Working out is hard enough, without the emotions that go with stepping on the scale — and finding out the numbers are going in the opposite direction. We’ve all been there (sadly): weeks and weeks of clean eating and diligent exercise, only to see that you’re gaining weight instead of losing it. It’s soul-crushing, to say the least.
While you may feel discouraged, rest assured it isn’t causing panic. That changed in the scale doesn’t necessarily mean you’re doing anything wrong, nor does it mean you’re going in the wrong direction.
There can be some obvious and not-so-obvious reasons you’re gaining weight. Here, four things you need to know if you’re gaining weight while working out and eating healthy.
You’re gaining muscle.
The most obvious answer is also quite motivating: muscle weighs more than fat — or so the myth says. So while building muscle may increase your body weight, you’re probably still losing inches off your waist or thighs which overall will make you look and feel better.
So if the scale isn’t budging or starts to creep up, remember just give it some time. Rome wasn’t built in a day, and neither does your “perfect” body. According to Gerard “Coach G” Burley, owner of SWEAT DC in Washington, DC, “Living healthy is about body composition, not just weight.
Sometimes you are gaining muscle while losing fat making your body look and feel better.” Worry less about the scale and more about performance, or if you’re into measuring then focus on body measurements and body fat percentage.
You’re not giving your body time to respond.
Just because you start exercising doesn’t always mean your body will respond to that immediately. Exercise — like everything — puts stress on our body, and it can put your body into shock, which ultimately can lead to weight gain.
Sometimes, the body just needs time to adjust. “Don’t pay attention to the scale,” Lauren Buckner, owner of Body by Buckner in Washington, DC tells ESSENCE. “Pay attention to how you feel and focus on your increased power, energy and strength. As we workout, we are building more muscle and changing the structure of our bodies. We don’t always know how that will play out on the scale, but what we do know is how we feel.”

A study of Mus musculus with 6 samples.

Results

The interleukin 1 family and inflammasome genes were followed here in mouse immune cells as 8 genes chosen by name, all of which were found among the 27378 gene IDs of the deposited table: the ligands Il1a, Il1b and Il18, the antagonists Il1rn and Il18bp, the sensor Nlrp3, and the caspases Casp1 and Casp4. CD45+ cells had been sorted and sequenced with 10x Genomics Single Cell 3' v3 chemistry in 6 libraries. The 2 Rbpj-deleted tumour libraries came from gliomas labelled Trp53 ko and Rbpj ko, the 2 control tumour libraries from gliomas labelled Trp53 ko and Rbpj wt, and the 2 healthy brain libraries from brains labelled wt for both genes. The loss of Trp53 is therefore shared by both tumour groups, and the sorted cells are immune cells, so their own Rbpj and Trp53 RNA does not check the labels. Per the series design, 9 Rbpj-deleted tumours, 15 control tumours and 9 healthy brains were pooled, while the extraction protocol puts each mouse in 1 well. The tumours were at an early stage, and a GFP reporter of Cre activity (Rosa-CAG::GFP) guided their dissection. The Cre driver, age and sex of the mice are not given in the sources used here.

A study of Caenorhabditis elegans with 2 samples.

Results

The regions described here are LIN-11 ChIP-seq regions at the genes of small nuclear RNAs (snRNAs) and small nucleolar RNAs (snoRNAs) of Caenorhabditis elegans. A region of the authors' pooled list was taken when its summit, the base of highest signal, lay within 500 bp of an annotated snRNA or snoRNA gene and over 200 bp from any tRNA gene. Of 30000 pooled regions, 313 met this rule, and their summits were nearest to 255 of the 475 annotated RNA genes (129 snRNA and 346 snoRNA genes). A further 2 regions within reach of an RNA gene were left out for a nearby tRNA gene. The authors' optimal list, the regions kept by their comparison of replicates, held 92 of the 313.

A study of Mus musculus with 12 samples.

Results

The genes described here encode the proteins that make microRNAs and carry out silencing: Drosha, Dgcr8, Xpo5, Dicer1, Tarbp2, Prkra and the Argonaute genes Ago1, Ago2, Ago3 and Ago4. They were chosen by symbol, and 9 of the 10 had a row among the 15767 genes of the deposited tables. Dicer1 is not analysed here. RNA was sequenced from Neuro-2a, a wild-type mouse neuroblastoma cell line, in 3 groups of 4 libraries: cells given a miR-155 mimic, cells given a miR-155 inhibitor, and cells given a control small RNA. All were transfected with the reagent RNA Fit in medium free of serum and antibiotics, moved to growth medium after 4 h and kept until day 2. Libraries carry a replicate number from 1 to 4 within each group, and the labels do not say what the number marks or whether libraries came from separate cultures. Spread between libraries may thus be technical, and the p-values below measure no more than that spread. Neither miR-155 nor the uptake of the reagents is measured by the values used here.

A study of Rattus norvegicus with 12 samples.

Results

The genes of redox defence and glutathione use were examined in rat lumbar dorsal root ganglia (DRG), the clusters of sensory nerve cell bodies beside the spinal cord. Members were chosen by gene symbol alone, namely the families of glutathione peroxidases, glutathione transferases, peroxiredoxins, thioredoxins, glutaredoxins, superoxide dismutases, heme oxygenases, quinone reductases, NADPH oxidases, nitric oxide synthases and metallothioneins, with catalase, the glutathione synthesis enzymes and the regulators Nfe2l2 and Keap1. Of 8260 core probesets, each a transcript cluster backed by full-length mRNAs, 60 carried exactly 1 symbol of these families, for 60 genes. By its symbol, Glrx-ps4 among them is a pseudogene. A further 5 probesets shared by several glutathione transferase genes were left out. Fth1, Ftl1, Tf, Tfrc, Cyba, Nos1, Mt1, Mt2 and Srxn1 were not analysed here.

Another unassuming culprit is water retention. (Just when you thought the water was good for you, it turns against you) “Water makes up approximately 65 to 90 percent of a person’s weight, and variation in water content of the human body can move the scale by ten pounds or more from day to day,” says Jeffrey A. Dolgan, a clinical exercise physiologist at Canyon Ranch in Miami Beach, Florida.
There’s a theory that the body will actually retain water when you exercise, not only as part of the healing process but also as a method of getting glycogen to the body in a more efficient way. That more efficient fuel system means you may carry around a few extra pounds of water.
You have an underlying medical condition.
In very rare cases, there may be something seriously wrong. So if you’re doing all the right things — eating a calorie deficit diet and exercising more — and nothing is still working, it may be time to talk to your doctor. For example, women with thyroid issues can cause weight gain and weight loss to be more challenging.
The main thing to remember: keep going! You’ll be better off today than you were 90 days ago. And 90 days from now, you’ll be even better than that. And then again after that! Slow progress leads to big wins.